We’re back to the Eastern Caribbean this week as we explore the ‘Island of Spice’…otherwise known as Grenada!
Want to learn more about Grenada?
- Capital (and Largest City): St. George’s
- Population (2012): 109,590 (185th)
- Total Area: 348.5 km² (203rd)
- Official Language: English
- Currency: East Caribbean dollar ($) (XCD)
History of Grenada
Pre-Columbian and Early History
Prior to European colonization, different indigenous tribes inhabited Grenada. Initially the Arawaks lived here, though they were later driven off by the more aggressive Caribs (similar to other nearby islands). Though Christopher Columbus spotted Grenada on his journey, the Spanish did not settle the island.
Instead, it was the French in the early 17th century who colonized Grenada, subjugating or driving off the local tribes. Naming the colony La Grenade, the French fought against indigenous tribes who remained dominant on other nearby eastern Caribbean islands. The natural harbour of the colony’s capital served the French navy well…however the island was lost to the British in the midst of the Seven Years’ War (1762).
The British and Independence
Grenada officially became a British colony, though the French did retake it for a time during the Revolutionary War. While overseen by the British, Grenada became a key supplier of nutmeg.
Moving forward to the mid 20th century, many in Grenada began to push for independence. What began as a struggle for better working conditions eventually resulted in general elections. In 1967, the island was granted further control of its own domestic policies before it finally became independent in 1974.
Conflict and Invasion
This however, brought in a whole new era of strife. In 1979, elected Prime Minister Eric Gairy was ousted in a Marxist coup led by the New Jewel Movement. The People’s Revolutionary Government (PRG) was founded by a Maurice Bishop who took charge of the new communist government, and all other parties were outlawed. Though he worked with Cuba and the USSR in some ways, Bishop sought to remain fairly moderate and non-aligned in the Cold War. This stance resulted in a Grenadian Army coup where Bishop and his wife were imprisoned. Though popular support forced his release, he was later executed after attempting to regain power.
This brought the attention of President Reagan. In October 1983, the US launched Operation Urgent Fury – an invasion of Grenada (with the alleged support of Dominica and elements within Grenada). The action was condemned by other Western governments (including the UK and Canada) as well as the UN. After a couple months, the government was toppled, the original constitution was re-instituted, and the US withdrew in December.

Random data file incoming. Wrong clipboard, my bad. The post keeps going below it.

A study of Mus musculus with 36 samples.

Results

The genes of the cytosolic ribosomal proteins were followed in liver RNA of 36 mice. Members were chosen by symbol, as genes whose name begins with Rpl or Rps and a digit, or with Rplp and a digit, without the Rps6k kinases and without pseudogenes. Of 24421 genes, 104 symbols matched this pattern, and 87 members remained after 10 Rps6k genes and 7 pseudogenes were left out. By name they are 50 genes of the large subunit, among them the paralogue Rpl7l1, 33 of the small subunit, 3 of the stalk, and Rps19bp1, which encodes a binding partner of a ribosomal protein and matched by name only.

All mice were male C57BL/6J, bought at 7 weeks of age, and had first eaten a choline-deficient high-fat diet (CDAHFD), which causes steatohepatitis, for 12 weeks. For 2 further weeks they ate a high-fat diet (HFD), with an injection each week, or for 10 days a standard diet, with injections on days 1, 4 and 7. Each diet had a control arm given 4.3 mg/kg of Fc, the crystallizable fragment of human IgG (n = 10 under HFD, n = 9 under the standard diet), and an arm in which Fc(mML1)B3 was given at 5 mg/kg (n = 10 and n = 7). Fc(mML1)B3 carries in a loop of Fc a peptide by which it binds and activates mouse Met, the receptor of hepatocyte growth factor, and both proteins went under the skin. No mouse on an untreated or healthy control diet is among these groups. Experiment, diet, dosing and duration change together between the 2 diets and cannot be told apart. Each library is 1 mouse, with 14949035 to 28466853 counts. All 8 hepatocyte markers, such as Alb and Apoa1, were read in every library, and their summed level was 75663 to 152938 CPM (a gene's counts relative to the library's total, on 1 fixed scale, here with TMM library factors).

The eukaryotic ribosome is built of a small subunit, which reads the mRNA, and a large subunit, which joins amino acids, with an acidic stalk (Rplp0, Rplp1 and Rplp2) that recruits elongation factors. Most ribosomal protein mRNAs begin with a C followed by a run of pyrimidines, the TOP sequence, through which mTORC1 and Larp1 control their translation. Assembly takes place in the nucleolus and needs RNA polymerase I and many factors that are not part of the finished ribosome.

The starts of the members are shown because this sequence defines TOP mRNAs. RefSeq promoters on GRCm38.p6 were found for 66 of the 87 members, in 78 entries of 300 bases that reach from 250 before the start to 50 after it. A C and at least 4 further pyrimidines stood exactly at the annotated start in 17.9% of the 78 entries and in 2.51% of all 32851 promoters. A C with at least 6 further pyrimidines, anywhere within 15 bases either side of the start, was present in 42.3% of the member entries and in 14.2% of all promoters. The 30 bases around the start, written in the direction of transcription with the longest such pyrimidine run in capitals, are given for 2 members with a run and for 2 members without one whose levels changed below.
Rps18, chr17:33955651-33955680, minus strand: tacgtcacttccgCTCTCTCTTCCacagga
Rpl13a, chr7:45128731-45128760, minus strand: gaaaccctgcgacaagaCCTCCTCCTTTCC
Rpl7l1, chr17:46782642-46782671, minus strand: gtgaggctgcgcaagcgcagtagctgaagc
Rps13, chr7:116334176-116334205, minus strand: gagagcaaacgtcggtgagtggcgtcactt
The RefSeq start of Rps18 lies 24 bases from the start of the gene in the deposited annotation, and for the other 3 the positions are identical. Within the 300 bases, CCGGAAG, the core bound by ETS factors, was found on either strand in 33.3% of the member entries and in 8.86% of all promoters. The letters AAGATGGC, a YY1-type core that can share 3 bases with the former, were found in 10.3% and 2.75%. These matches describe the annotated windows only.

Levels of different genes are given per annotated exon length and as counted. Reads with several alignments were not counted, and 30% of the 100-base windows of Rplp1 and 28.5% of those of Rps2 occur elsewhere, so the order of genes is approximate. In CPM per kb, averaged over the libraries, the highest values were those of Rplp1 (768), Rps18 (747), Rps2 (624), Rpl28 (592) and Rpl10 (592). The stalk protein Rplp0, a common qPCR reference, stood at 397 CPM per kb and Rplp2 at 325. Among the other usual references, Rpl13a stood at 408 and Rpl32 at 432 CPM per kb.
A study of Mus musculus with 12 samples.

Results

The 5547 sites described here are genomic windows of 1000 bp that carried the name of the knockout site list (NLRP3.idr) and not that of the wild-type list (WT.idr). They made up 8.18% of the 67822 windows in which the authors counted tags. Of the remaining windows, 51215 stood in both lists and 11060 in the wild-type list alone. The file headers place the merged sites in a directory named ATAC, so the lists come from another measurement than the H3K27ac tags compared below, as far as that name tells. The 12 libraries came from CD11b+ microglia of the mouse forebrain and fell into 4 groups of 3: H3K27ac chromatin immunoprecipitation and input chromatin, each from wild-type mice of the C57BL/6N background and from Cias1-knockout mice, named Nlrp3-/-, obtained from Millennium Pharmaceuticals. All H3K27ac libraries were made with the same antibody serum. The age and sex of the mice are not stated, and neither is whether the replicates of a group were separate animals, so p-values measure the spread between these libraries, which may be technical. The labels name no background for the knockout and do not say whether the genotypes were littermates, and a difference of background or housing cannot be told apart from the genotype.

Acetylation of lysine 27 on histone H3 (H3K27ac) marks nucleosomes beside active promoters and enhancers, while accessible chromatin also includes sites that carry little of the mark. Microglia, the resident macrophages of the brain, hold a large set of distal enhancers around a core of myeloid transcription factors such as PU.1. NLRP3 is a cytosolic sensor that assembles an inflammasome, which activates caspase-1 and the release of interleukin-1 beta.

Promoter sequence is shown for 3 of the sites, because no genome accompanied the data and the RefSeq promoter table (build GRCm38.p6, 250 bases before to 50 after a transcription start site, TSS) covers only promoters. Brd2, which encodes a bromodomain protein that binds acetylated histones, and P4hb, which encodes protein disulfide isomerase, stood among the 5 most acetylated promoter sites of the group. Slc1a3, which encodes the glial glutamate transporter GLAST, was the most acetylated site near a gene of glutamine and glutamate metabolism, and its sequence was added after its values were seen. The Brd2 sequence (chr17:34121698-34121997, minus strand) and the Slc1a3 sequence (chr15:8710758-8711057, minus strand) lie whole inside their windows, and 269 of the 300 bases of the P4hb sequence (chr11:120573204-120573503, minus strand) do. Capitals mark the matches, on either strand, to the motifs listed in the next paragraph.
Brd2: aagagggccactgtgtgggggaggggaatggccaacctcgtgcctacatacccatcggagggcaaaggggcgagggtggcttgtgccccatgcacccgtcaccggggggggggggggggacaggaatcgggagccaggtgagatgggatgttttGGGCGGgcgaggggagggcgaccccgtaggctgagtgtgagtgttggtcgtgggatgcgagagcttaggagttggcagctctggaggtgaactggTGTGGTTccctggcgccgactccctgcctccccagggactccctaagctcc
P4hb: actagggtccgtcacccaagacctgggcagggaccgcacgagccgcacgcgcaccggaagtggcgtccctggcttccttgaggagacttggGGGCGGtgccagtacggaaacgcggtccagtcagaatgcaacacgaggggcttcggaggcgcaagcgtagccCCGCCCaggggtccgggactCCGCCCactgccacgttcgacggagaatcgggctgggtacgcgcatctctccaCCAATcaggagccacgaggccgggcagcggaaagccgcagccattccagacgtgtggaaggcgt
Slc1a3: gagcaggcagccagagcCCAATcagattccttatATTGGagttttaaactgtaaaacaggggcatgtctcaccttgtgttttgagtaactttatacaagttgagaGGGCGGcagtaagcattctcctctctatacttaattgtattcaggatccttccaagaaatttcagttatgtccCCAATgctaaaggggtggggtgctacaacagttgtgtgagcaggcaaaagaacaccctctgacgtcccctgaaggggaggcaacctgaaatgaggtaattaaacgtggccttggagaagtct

Since the invasion, democratic elections have been held in Grenada once more. There are many injustices and sore wounds left over from the post-independence conflicts, however the island has been able to move past it for the most part. Recently, hurricanes have devastated large part of Grenada – with agriculture and other facets of the economy still recovering. Despite this, the country has rebuilt and hopes to forge a new and peaceful future for itself.
The culture of Grenada comes from a variety of influences, including African, indigenous Caribbean, and Indian. Though the legacy of the French isn’t dominant, names and cuisine demonstrate similarities to the European country. In addition, the years of British colonialism have left a lasting mark on Grenada – in sports and, of course, the language.
Like many other Caribbean islands, music such as soca, calypso, and reggae are popular. The importance of storytelling in Grenada is also highly visible – with folk tales passed down from generation to generation.
Adopted in 1974, the flag of Grenada consists of a red border with six gold stars (representing the different parishes). Inside this, there are two gold and two green triangles while a nutmeg clove (the country’s preeminent crop) and a gold star sits in a red circle in the centre.
Cricket is the most popular sport in Grenada and is one of the key expressions of Grenadian culture. Though small, the country is a contributor to the West Indies team – one of the top international squads in the world.
Geography of Grenada
Grenada consists of the eponymous island as well as six smaller ones, with the main island the largest in the Grenadines. The interior of Grenada is mostly mountainous, while small rivers and waterfalls also dot the landscape. Like most of the Caribbean, it is largely hot and humid during the rainy months while a little cooler during the dry times. St. George’s is the capital and largest city in Grenada, and is well known as a popular destination and for its natural harbour.
Facts about Grenada
- There are three traffic lights on Grenada
- ‘Oildown’ is the national dish. It’s often a mix of meats and produce cooked in coconut milk until the milk is absorbed
- The island is volcanic
- Wearing army camouflage is illegal
- The national bird is the Grenada dove – a critically endangered species
While the Eastern Caribbean is famed for its many intriguing islands, Grenada still manages to separate itself from the pack.
There’s a whole world out there! Explore it with Continental’s Countries. Learn all about Grenada’s currency with our Spotlight on the East Caribbean dollar and explore its best destinations with our Travel Guide.